Q&A: A Conversation with Bedri Baykam

October 5, 2011 • Q&A, Theme, Turkey • Views: 819

Bedri Baykam is a Turkish artist and political activist for the Republican People’s Part (CHP). He was a candidate for the presidency of his party in October 2003. This interview was conducted by Adele Rossouw.

Q: You have been a prominent artist from a very young age. Why did you decide to enter politics?

A: It started with my father [Dr. Suphi Baykam]. He was a famous politician in the fifties and the sixties, and I lived through the very important things he went through. This seed of political experience stayed in me and lived with me. [Then] after I came back in 1987 from living in the United States and Paris, the first thing I saw was that Turkey was going downhill towards Islamic fundamentalism. I wanted to start warning society against [this] danger. As an artist, I don’t do politics because I have extra time. I don’t do it because it’s fun. I do politics because it’s unavoidable. As an artist and writer and thinker, I need to live in a free society.

(Courtesy Flickr Creative Commons)

Q: What were the “seeds of fundamentalism” you recognized upon your return to Turkey in 1987?

A: The Iranian prime minister visited Turkey right after I came back in 1987, but I read that he refused to visit the mausoleum of [Mustafa Kemal] Atatürk in Ankara. I thought that the Turkish government would send him right back to Teheran on the first plane. But instead the Turkish prime minister, Turgut Özal, said it was no problem. I panicked because a government that gave the right to a visitor to make such an open offense towards the creator of the secular Turkish republic could do anything inside the country from that moment on. On that day, I stopped being a caring intellectual and became an activist.

Q: Prime Minister Erdogan of the AK Parti draws significant support from non-secular Turks. He won a great victory in the last election. What does this mean for Turkey?

A: Erdogan is a very self-centered man who does not try to develop democracy in the country. There’s growing pressure in most of Turkey to conform to Islamic laws, including not selling alcohol or donning the veil. The government has the power to ban films or theater pieces or exhibitions. The press is also losing all of its freedom—there are only about four opposition papers left—and is at times forced to fire its writers on the government’s demand. Some of my journalist friends are in jail and have been there for three or four years.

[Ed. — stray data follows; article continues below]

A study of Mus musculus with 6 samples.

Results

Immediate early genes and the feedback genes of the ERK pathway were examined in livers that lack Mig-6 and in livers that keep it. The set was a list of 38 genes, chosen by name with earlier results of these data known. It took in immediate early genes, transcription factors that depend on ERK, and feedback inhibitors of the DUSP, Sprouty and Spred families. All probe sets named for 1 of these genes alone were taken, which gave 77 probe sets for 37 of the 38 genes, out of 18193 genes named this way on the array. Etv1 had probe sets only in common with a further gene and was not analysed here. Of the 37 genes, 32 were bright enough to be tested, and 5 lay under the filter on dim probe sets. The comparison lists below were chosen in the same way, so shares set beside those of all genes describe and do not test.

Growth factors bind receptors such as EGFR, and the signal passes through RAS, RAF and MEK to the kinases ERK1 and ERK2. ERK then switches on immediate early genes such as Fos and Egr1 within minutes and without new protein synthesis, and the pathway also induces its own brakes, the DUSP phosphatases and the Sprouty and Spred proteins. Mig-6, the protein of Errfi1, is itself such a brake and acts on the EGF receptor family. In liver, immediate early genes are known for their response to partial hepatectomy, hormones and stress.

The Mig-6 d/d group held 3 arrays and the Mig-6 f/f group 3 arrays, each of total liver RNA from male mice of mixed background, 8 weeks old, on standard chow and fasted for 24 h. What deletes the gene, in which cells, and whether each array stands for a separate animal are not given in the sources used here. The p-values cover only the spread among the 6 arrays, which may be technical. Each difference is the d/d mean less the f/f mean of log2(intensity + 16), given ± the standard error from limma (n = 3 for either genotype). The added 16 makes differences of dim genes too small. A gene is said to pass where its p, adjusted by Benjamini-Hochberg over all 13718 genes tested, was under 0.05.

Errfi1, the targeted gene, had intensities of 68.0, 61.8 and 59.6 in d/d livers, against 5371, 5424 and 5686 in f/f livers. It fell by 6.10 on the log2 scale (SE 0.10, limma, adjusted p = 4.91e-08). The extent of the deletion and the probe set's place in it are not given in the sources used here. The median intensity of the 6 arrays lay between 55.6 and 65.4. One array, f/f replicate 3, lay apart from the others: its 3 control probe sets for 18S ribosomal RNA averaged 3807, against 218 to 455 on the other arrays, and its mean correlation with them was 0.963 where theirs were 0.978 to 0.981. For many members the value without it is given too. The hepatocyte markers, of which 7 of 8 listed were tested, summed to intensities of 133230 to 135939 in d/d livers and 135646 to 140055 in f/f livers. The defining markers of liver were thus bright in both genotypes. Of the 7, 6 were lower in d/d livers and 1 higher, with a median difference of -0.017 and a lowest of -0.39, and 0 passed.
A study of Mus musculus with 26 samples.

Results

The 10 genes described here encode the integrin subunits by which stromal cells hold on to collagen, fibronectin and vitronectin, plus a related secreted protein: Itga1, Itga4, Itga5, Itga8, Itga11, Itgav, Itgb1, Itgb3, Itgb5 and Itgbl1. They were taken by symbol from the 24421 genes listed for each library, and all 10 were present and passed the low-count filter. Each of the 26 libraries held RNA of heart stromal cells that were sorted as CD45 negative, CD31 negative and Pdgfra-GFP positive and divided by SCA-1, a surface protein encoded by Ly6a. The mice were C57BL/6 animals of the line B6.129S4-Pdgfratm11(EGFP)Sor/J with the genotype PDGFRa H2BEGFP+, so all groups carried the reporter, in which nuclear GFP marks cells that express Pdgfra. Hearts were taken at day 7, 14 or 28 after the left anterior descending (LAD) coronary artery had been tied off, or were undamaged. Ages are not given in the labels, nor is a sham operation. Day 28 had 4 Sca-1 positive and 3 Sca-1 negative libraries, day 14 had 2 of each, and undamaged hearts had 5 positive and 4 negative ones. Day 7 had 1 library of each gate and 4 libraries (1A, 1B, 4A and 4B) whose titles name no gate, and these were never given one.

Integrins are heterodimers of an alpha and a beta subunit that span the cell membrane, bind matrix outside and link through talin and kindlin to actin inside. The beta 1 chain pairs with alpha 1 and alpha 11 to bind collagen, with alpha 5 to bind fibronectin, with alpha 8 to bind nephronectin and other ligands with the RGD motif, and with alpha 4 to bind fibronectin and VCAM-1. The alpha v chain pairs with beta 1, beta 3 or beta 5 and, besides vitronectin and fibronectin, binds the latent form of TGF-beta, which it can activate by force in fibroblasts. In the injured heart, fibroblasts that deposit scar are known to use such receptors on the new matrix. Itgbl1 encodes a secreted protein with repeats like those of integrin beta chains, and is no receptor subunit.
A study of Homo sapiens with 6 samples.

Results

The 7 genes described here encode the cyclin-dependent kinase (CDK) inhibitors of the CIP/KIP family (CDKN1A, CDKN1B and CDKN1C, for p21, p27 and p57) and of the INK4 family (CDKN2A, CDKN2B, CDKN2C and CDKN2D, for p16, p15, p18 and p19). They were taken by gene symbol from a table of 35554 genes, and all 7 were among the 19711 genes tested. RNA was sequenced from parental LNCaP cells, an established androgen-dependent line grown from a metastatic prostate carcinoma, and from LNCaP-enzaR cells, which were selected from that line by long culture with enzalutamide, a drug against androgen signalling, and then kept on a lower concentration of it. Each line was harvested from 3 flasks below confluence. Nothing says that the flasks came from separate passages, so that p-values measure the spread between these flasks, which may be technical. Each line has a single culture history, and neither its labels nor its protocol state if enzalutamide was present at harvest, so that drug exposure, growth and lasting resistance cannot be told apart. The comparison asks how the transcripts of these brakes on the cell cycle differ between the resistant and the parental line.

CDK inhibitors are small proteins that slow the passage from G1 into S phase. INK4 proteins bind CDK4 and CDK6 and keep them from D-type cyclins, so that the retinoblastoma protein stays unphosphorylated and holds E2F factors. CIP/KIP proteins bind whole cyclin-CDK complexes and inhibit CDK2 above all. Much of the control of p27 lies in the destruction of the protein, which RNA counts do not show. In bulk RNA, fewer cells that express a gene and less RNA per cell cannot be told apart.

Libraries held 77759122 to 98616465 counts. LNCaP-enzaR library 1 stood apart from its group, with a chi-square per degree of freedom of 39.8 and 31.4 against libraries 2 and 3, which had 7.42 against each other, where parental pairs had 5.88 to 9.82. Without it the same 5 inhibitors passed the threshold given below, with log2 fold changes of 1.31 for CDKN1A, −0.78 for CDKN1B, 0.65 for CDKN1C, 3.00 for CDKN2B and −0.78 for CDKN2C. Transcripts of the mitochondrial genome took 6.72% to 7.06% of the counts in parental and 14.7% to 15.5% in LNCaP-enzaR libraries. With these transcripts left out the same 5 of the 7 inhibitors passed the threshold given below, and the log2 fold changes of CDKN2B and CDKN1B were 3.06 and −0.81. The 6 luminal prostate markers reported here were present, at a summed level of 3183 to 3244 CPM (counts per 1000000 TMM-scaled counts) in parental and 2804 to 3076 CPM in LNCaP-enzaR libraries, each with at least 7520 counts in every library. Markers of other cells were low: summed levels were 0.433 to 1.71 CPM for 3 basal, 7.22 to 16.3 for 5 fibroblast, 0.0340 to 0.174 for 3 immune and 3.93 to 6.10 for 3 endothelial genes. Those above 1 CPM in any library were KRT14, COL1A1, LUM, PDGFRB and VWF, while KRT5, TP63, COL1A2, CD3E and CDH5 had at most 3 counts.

Q: But Turkey is often praised in the West as a successful Islamic democracy.

A: Theoretically, it is one. It has free elections and a plural party parliamentary system. It has an “independent” press and a spirit of free enterprise. People can dress as they want and can drink alcohol. Tourism is alive, and the country attracts foreign investments.

But in reality, it is not. The country doesn’t have a bright future. Turkey drifts more away from democracy and freedom and human rights every day. The government also tries to enact middle-of-the-road policies in every critical field, from the Kurdish question to the Armenian issue, so its policies shift all the time. The masses that are not AKP voters are being pushed aside. A real model would not simply give the illusion of being a free society.

Q: You have been a candidate for the presidency of the CHP party. What policies would you have enacted if you had won elected office?

A: I would have made the party much more open to women and youth. I would have designed a more democratic constitution in which candidates are elected by members of the party instead of nominated by the president. I would have led a Turkey where culture and education and science were the main facets of society, giving full freedom to any religious groups but enforcing a clear separation between religion and politics.

Q: You have been described as one of the pioneers of multi-media and photo-painting oriented political art. What does the concept of “political art” mean to you?

A: To me, it is art that has a political goal but that does not forget that it is above all a work of contemporary art. [It can be a way of] immortalizing some shameful moments of Turkish politics. I make [viewers of my work] face undemocratic atrocities lived in Turkey. I make them experience the bravery of those past generations.

Q: Does the political value of this type of art detract from its artistic one?

A: No, I think they complete each other. The artistic experience of aesthetic pleasure melts with the [political] information coming from the show, which you might agree with or contest. But it’s becoming more and more difficult to make shows like this in Turkey. The artistic and intellectual freedoms of expression are decreasing at a shameful speed in this country.

Adele Rossouw ’13 is an Economics major in Trumbull College. Contact her at adele.rossouw@yale.edu.